Since the advent of jet airline travel, transportation in the United States has effectively failed to progress. In fact, many people are unaware that the first jet airliners, such as the Douglas DC-8 and the Convair 880, were actually considerably faster than modern jet aircraft. The Convair 880 could go from Los Angeles to New York City in almost a full hour faster than modern jet aircraft can.
Because technology had progressed so quickly between the turn of the century and the 1950s, with powered flight going from only a dream to intercoastal transportation in a matter of hours being a reality for millions, many people just assumed that things would continue to progress apace. The 1960s were going to be a decade of great strides in travel. Boeing had developed plans for an intercontinental-range supersonic airliner than would hold nearly as many people as a 747. And there was talk of colonizing the moon and even other planets.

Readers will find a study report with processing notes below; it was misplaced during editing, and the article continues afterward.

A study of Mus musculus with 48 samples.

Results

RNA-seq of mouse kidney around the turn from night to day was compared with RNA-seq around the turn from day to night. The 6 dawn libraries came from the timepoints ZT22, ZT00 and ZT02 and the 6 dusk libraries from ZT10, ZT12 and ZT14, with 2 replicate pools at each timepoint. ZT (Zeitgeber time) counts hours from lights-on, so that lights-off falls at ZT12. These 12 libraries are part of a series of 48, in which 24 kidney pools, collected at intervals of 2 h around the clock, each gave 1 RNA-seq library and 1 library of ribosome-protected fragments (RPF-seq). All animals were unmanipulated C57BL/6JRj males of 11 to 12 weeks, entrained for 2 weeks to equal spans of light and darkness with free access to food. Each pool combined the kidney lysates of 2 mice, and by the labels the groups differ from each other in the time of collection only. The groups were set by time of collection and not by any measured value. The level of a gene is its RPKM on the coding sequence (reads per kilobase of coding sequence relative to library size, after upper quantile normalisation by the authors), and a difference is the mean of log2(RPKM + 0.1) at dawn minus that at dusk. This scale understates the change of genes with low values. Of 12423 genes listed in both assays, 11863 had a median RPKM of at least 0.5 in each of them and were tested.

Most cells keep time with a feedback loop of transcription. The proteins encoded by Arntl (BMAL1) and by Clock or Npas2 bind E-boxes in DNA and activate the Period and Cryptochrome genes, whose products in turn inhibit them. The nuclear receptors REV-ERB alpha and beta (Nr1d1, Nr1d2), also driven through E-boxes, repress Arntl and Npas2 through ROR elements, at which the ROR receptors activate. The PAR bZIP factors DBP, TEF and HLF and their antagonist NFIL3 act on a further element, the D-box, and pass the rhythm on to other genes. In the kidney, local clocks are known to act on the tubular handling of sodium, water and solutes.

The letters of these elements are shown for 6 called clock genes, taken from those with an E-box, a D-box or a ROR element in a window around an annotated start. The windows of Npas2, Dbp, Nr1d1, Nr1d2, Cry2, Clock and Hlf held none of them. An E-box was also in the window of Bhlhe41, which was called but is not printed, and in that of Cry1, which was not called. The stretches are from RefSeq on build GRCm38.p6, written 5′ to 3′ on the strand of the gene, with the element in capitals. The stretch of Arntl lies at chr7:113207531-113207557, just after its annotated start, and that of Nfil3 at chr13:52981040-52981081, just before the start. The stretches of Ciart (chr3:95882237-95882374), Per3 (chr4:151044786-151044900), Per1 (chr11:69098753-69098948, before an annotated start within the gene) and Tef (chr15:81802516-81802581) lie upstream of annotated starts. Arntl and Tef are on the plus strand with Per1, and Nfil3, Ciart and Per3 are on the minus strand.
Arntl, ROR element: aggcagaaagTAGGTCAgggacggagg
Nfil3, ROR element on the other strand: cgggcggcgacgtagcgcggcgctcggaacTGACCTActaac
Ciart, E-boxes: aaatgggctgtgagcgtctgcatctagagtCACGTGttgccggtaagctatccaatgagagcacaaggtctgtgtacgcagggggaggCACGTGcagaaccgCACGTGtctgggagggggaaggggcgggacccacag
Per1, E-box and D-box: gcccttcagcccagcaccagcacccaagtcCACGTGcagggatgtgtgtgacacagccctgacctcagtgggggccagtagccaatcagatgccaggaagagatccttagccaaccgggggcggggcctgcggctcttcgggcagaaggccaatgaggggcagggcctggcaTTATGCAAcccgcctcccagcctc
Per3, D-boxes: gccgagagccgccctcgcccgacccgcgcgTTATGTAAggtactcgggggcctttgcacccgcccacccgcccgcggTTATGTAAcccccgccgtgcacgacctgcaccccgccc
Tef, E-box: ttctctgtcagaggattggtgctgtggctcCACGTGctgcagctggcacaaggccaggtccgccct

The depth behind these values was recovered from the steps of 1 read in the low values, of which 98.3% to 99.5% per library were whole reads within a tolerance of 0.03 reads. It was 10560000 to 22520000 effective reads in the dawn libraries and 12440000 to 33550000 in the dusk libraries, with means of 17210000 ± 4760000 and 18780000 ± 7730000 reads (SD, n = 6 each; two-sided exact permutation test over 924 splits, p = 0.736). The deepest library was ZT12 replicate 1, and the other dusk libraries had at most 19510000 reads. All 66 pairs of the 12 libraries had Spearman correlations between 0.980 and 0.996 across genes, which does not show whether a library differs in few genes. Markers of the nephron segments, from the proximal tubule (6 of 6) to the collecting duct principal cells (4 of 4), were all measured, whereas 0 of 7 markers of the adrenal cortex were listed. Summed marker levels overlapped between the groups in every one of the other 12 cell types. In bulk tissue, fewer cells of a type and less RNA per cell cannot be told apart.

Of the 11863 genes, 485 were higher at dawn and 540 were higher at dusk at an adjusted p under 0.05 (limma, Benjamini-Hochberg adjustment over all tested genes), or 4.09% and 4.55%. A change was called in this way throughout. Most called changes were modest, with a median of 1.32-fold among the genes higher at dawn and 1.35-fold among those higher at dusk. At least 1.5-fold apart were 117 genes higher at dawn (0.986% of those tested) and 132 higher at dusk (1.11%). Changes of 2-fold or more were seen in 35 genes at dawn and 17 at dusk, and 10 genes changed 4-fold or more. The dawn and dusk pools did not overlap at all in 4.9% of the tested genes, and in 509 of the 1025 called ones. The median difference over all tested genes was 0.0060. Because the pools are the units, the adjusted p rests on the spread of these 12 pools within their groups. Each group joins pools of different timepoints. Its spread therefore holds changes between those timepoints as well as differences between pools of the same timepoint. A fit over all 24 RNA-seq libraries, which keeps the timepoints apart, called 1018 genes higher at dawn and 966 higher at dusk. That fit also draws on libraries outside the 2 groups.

Shervin Pishevar says the lost future of the Jetsons could be now
But that future never materialized. Boeing ended up scrapping its supersonic transport, and men never returned to the moon after 1972. Even in the realm of automotive technology, things began to stagnate and even decline. Even today, due to the limitations inherent in road travel, cars do little more than the typical car was capable of in 1950. Then as now, cars could easily travel up to 80 mph on interstate highways, carry four or more people in comfort and get to their destination with high levels of safety. Aside from dazzling electronics, increased acceleration and increased fuel economy, little has really changed in the automotive world since the 1950s.
But Shervin Pishevar, one of the most accomplished entrepreneurs in the country, says that could soon change. Shervin Pishevar says that hyperloop technology could be the first genuine leap forward that the transportation world has seen in decades. Shervin Pishevar says that hyperloop technology could allow for travel from Los Angeles to San Francisco in as little as 30 minutes. And it could do it at a quarter of the cost of airline travel, with wait times similar to a city bus stop.